From: Defining synthetic surfaces for human pluripotent stem cell culture

Parameter Analysis method Pros Cons
Surface topography Atomic force microscopy (tapping mode) Compatible with an aqueous environment, can view individual proteins that have absorbed to the surface, modern instruments acquire images at a faster rate. Images are generally of a small area, therefore may not be representative.
  Scanning or transmission electron microscopy Widely available Resolution is not as high, significant sample preparation is required, unable to quantify topography.
Ligand density ELISA assays Straightforward assay Not very sensitive for adsorbed protein, requires antibodies to specific proteins or molecules.
  Fluorescence from adsorbed or covalently attached fluorophore Relatively straightforward assay Microenvironment and dye-dye quenching effects from surface anchored species introduces artefacts, construction of calibration curve difficult.
  Fluorescence from fluorophore released into solution Quantitative, sensitive, relatively straightforward assay Cleavable fluorophore needs to be synthesised and chemically attached to ligand/CAM.
  Lanthanide (e.g. Eu-chelate) labelling of ligand Quantitative, sensitive, relatively straightforward assay Need to carry out chemical coupling of Eu-chelate to ligand.
  Radio-labelling of ligand Quantitative, sensitive, relatively straightforward assay Complex chemistry required to either radio-label pre-synthesised ligands or synthesise ligand with radioisotope-containing precursors.
Chemical properties Nuclear magnetic resonance (NMR) Straightforward sample preparation Solid-state NMR generally not sensitive enough, complex spectra.
Wettability Water contact angle Simple Very non-specific - many adsorbed species can modify wettability,
Chemical composition (directly detecting protein adsorption) X-ray photoelectron spectrometry Elemental composition quantitative, sample preparation is very simple (removal of buffer salts and drying). Elemental composition is straightforward but high resolution spectra complex, amide bond-containing materials generate false positives, no specificity in relation to protein type, ultra high vacuum technique (can cause structural rearrangements).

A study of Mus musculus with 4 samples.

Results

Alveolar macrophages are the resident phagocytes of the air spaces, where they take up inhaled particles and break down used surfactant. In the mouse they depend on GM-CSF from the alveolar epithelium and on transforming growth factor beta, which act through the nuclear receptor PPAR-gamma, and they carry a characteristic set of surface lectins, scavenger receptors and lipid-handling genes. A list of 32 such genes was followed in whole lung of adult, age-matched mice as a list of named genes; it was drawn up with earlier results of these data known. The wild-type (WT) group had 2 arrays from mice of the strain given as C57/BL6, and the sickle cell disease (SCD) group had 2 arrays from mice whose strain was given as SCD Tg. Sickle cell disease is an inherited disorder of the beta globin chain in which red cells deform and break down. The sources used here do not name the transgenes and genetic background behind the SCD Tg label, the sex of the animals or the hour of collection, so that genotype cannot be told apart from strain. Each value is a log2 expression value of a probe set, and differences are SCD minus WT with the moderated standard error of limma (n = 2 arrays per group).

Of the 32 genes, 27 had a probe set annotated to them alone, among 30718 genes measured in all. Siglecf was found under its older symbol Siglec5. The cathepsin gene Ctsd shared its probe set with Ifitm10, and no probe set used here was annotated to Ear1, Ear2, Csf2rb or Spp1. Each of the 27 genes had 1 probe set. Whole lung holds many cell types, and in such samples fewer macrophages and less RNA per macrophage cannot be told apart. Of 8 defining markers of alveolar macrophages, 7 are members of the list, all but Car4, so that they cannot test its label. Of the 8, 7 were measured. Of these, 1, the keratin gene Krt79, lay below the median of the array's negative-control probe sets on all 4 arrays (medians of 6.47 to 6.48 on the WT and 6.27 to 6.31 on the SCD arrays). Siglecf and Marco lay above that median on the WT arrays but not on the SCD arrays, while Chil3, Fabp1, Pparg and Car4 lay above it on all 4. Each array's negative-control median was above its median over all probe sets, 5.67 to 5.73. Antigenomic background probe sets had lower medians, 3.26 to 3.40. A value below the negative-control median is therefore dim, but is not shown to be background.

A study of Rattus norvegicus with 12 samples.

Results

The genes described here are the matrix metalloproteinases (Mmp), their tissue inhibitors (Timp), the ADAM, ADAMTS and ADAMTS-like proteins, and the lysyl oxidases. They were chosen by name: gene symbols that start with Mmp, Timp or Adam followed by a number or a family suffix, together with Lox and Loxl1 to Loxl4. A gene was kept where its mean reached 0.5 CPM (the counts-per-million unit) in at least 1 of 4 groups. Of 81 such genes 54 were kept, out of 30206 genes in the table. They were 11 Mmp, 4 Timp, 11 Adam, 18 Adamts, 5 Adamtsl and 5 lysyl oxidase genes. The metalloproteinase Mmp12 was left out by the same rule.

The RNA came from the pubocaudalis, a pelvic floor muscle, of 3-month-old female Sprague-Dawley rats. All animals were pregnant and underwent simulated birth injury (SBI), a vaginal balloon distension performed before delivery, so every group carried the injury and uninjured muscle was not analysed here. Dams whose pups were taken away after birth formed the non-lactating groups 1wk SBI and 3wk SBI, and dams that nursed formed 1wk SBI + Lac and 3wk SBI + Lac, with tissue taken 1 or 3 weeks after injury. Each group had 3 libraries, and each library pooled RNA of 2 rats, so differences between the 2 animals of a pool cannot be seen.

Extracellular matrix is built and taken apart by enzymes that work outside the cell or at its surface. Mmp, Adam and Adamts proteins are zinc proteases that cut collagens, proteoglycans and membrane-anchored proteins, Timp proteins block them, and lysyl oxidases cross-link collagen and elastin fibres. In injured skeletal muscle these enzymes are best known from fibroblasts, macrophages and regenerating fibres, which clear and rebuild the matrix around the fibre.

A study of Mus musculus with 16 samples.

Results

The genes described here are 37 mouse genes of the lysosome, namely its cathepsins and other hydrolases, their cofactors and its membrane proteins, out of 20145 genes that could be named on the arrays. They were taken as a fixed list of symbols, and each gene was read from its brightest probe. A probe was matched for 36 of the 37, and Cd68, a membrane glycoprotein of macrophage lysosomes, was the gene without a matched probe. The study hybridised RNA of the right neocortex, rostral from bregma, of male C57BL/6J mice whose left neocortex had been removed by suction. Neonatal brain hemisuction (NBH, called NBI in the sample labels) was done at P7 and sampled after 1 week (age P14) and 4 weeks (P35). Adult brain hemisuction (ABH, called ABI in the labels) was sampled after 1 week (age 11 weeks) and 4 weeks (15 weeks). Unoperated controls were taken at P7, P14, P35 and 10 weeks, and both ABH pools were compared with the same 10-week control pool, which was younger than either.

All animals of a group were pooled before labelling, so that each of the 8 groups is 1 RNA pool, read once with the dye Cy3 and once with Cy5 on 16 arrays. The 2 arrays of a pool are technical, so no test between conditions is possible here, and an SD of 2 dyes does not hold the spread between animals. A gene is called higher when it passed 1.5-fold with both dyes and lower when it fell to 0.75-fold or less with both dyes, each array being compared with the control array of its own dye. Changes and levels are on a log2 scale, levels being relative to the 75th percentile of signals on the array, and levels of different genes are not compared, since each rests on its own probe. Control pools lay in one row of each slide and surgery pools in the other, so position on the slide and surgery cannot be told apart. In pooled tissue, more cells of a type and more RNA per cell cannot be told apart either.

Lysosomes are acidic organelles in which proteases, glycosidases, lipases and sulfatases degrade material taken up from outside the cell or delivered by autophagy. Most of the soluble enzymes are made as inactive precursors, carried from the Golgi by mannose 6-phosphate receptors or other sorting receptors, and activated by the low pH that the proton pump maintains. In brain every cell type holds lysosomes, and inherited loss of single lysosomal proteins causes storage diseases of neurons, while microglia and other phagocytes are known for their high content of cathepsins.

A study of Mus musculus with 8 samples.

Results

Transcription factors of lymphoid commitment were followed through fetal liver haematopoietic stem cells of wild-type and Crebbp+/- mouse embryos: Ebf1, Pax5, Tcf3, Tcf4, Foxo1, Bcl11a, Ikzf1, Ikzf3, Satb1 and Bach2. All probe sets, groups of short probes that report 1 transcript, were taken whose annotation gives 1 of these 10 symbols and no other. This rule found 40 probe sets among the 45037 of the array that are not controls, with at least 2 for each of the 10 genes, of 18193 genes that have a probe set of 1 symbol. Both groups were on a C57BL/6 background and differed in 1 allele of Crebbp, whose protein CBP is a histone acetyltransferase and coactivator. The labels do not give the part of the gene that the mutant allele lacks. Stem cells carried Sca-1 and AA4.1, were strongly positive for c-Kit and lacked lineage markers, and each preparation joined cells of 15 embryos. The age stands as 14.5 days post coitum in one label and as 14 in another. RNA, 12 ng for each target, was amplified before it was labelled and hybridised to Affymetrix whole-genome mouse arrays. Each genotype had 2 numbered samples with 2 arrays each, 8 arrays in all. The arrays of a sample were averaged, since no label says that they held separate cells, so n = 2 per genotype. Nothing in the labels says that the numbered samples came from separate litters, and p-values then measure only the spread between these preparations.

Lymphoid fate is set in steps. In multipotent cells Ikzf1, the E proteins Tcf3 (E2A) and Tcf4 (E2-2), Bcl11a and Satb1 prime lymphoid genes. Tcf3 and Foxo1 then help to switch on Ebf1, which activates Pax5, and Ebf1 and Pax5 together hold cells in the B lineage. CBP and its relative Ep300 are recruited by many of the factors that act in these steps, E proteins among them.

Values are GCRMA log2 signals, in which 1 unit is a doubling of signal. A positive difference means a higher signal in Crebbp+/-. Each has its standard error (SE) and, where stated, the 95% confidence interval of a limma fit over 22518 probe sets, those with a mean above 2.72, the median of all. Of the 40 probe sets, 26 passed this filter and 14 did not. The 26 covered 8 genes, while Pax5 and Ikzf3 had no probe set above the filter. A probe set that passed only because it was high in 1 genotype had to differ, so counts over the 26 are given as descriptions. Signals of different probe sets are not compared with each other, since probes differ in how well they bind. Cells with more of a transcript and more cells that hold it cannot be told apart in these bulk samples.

Time-of-flight secondary ion mass spectrometry Minimally-destructive, minimal sample preparation, efficient, Analysis generally not quantitative, produces large data sets often requiring statistical methods, no specificity in relation to protein type, ultra high vacuum technique (can cause structural rearrangements)
  Fourier transform infrared spectroscopy Widely available, can be powerful if coupled with synchrotron Not “surface-sensitive” enough, no specificity in relation to protein type.
Indirect assessment of protein adsorption Embryoid body adhesion assay Straightforward if embryoid bodies are being generated in house Expensive, time-consuming
  HeLa or other e.g. L929 cell adhesion assay Reliable, cheap if cell lines are available in laboratory Cell attachment for cells other than hPSCs may be mediated by different ligands.
  1. Surface topography, ligand density, chemical properties, wettability and protein adsorption can be tested by the methods listed. Pros and cons are listed for each method in this non-comprehensive list.